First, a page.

Fine Gael stuck between a rock and a hard place


ANALYSIS:Helping to pass budget could have disastrous consequences for the party that prides itself on putting country first, writes STEPHEN COLLINS

THE SOMBRE mood in the Dáil yesterday afternoon reflected the plight of the country. It was also a sign that the disarray in Government is posing a serious challenge for the Opposition parties. The spotlight will come on Fine Gael in particular and how it responds to the budget on December 7th will have a profound impact on the welfare of the country and its own long-term fortunes.

In the Dáil yesterday, Taoiseach Brian Cowen effectively repeated his plea to Enda Kenny and Eamon Gilmore to let the budget pass in the national interest. In their questions yesterday the Opposition did not repeat their calls for a dissolution of the Dáil but instead they tried to tease out the logistics of the budget process without saying what they will do if the Government presses ahead as planned.

Insisting that his party will act constructively in the interests of Ireland, Kenny asked that the budget be brought forward to next week. He promised to facilitate the Government in arranging Dáil sittings from Monday to Friday between now and Christmas to get the measures enacted into law.

Cowen declined the offer, saying the budget timetable could not be changed for logistical reasons.

Gilmore sought to tease out how that timetable will work and pointed out that the Finance Bill to give effect to last year’s budget was not passed by the Dáil until the end of March this year. The Taoiseach again declined to give a firm timetable but said he expected it would be passed in February. That would result in an election in March at the earliest, considerably later than a date in the second half of January suggested by the Greens when they pulled the rug from under the Government on Monday.

The Opposition parties now have a lot of serious thinking about what to do next. Their options are to try and bring the Government down in the next week or to find some way of ensuring the budget is passed on December 7th. The defeat of the measure in the Dáil would result in the worst of all possible worlds.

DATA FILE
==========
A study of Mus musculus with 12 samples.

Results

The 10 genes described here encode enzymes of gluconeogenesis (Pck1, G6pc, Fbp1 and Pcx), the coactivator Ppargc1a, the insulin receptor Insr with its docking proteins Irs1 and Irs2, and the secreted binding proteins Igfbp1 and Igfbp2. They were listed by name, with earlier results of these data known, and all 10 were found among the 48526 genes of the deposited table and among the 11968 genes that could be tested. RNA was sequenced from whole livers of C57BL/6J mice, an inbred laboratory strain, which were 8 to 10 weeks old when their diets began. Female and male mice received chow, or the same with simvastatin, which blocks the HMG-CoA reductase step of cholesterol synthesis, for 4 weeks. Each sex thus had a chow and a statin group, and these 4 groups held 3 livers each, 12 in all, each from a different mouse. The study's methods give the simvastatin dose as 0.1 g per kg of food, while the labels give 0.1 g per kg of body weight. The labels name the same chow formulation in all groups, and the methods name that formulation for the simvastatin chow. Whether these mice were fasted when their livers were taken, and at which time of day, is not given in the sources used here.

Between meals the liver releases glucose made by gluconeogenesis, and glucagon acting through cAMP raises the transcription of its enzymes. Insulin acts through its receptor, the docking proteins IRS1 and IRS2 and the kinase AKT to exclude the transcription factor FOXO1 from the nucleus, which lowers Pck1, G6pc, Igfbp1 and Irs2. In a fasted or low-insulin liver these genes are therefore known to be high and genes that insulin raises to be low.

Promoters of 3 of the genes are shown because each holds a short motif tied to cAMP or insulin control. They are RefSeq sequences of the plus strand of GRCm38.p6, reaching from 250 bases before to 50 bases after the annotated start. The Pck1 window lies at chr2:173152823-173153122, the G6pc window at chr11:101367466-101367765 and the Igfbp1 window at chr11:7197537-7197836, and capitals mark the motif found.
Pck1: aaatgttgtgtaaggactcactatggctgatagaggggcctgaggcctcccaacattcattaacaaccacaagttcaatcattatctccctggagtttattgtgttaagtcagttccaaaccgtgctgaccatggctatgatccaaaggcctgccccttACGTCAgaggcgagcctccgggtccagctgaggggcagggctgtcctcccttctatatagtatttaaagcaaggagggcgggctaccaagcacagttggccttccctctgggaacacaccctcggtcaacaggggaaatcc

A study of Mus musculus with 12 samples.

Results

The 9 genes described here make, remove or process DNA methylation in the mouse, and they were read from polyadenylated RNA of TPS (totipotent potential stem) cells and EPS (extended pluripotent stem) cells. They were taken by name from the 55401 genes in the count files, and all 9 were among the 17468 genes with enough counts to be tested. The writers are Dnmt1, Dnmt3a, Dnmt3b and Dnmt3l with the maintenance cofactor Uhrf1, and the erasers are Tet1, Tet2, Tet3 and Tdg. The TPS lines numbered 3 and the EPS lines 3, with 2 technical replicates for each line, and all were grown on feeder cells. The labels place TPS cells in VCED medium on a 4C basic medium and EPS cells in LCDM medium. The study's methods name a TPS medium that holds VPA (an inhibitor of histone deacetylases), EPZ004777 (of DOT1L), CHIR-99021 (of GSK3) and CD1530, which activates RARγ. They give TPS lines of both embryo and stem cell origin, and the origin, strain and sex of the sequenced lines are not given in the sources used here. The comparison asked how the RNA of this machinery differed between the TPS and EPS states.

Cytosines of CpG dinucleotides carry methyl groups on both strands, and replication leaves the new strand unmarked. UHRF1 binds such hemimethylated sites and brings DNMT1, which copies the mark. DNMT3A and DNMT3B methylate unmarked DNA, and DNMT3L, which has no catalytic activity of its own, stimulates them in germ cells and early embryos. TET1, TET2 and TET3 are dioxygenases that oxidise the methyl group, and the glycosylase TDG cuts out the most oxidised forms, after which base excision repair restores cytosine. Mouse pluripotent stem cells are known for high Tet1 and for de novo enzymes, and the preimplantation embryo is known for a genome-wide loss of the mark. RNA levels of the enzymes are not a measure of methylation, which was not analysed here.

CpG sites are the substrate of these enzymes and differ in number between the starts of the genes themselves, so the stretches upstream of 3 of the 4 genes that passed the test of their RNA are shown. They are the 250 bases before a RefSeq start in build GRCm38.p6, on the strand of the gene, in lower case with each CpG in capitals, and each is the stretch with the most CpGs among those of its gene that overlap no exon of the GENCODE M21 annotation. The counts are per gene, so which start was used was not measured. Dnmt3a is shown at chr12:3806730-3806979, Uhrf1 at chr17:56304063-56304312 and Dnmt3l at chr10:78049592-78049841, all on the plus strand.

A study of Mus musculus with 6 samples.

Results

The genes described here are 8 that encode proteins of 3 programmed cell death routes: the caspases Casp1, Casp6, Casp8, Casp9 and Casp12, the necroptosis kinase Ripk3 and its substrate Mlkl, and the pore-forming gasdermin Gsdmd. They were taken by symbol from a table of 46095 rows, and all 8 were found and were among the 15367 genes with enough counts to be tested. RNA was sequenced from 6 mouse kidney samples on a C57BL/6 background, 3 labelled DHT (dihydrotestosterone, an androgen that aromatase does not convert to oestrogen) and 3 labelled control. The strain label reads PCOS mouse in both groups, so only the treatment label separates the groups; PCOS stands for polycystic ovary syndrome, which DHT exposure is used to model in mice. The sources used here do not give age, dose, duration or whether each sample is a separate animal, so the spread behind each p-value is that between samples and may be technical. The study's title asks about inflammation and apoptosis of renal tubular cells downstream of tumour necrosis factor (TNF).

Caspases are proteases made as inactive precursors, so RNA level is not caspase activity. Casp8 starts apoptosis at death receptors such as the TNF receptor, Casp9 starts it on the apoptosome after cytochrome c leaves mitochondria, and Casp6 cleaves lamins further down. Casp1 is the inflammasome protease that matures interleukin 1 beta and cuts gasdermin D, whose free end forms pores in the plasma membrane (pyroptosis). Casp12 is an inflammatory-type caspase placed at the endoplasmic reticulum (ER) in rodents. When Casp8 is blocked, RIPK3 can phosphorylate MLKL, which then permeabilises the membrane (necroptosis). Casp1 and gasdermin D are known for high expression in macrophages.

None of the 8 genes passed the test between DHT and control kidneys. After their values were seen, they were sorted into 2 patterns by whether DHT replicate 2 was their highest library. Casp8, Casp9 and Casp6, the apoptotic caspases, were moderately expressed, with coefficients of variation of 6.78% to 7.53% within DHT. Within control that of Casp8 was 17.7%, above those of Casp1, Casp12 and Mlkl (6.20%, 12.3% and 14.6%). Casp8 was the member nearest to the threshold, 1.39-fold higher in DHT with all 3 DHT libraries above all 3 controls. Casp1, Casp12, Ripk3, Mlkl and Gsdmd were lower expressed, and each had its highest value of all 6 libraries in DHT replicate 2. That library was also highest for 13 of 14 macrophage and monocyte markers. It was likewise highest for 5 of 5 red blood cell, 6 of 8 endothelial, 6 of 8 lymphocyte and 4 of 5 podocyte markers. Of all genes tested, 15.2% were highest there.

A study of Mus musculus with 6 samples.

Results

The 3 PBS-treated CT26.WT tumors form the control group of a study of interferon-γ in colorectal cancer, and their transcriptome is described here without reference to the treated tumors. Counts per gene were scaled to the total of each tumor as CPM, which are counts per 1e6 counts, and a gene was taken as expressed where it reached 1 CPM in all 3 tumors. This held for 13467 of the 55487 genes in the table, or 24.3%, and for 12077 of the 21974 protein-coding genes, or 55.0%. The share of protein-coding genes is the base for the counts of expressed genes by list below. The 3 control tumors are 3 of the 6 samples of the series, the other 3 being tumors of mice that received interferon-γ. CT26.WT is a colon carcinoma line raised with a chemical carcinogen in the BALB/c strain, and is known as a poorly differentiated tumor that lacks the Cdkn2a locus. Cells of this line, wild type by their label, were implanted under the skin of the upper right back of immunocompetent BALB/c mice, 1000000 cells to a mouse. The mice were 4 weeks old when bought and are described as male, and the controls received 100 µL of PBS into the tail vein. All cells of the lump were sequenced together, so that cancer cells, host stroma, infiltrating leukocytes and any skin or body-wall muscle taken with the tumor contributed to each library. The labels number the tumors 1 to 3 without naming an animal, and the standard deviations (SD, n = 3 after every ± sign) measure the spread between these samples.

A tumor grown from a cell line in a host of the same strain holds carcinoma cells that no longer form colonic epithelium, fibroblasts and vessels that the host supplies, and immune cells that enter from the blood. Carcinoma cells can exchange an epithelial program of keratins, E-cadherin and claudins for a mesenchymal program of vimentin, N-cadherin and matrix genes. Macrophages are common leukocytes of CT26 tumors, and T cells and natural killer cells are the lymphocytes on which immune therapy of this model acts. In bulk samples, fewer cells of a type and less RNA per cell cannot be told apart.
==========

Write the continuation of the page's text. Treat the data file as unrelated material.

The members of the Fine Gael parliamentary party had a serious discussion yesterday about what they should do in the weeks ahead. Afterwards TDs and Senators said the prevailing mood was serious and responsible with most speakers emphasising the need for the party to do what is right for the country.

“What is the right thing for the country? That is the question. Should we let the budget pass or try and force an immediate general election?” asked one TD later.

Kenny bought a little bit of time by telling the meeting that he intended to take up the Taoiseach’s offer and engage in discussions with the officials from the IMF, the EU and the European Central Bank about the budget options facing the country. He will report back to his party colleagues tonight on how things have developed.

Fine Gael is in an invidious position. The party has always prided itself for its role in founding the State and taking difficult decisions to protect its institutions during occasional bouts of power. By contrast Fianna Fáil has endeared itself to the electorate and wielded power for much longer by taking a consistently populist line.

Fine Gael put party interest aside by adopting the Tallaght strategy and keeping a Fianna Fáil government in power between 1987 and 1989 while decisions to sort out the economy were taken. The party got little thanks from the electorate which instead rewarded Labour in 1990 and 1992 for its trenchant opposition to Charles Haughey.

More recently, Fine Gael supported the introduction of the bank guarantee in 2008, in the belief that it was in the national interest, while Labour opposed it from the beginning. While there is still intense debate about whether there was any real option for the country in the circumstances, Labour benefited in terms of popular support from taking a strongly hostile line from the beginning.

Gilmore has given every indication that Labour will oppose the budget on December 7th whatever happens. He has again questioned the need for a €6 billion adjustment despite the clear view of the EU and the IMF that such deep cuts are necessary. That view was repeated again yesterday by EU economic and monetary affairs commissioner Olli Rehn who said it was essential that Ireland pass the budget.

The quandary for Fine Gael is that if the party votes against the budget further damage to the country will be the only outcome. On the other hand, if it allows the budget to pass the party will share some responsibility for the unpopular measures it contains. This will inevitably be exploited by Labour who are currently breathing down Fine Gael’s neck for the status of becoming the biggest party after the next election.

To make matters worse it is also possible that some Fianna Fáil TDs may revolt on the budget in a final ploy to save their seats. That would be a very bitter pill for their Fine Gael constituency rivals to swallow if they allowed the budget through in the national interest.

A number of Fine Gael TDs took an uncompromising attitude at their party meeting yesterday saying they simply could not vote for the budget. Kenny’s attitude in the Dáil yesterday indicated that the party will take a more nuanced approach when budget day arrives.

Not alone Ireland’s national interest but the future of the euro is in the balance and that is likely to sway Fine Gael TDs. Given the seriousness of the position the voters may even reward a party that is seen to put the country’s interests ahead of its own.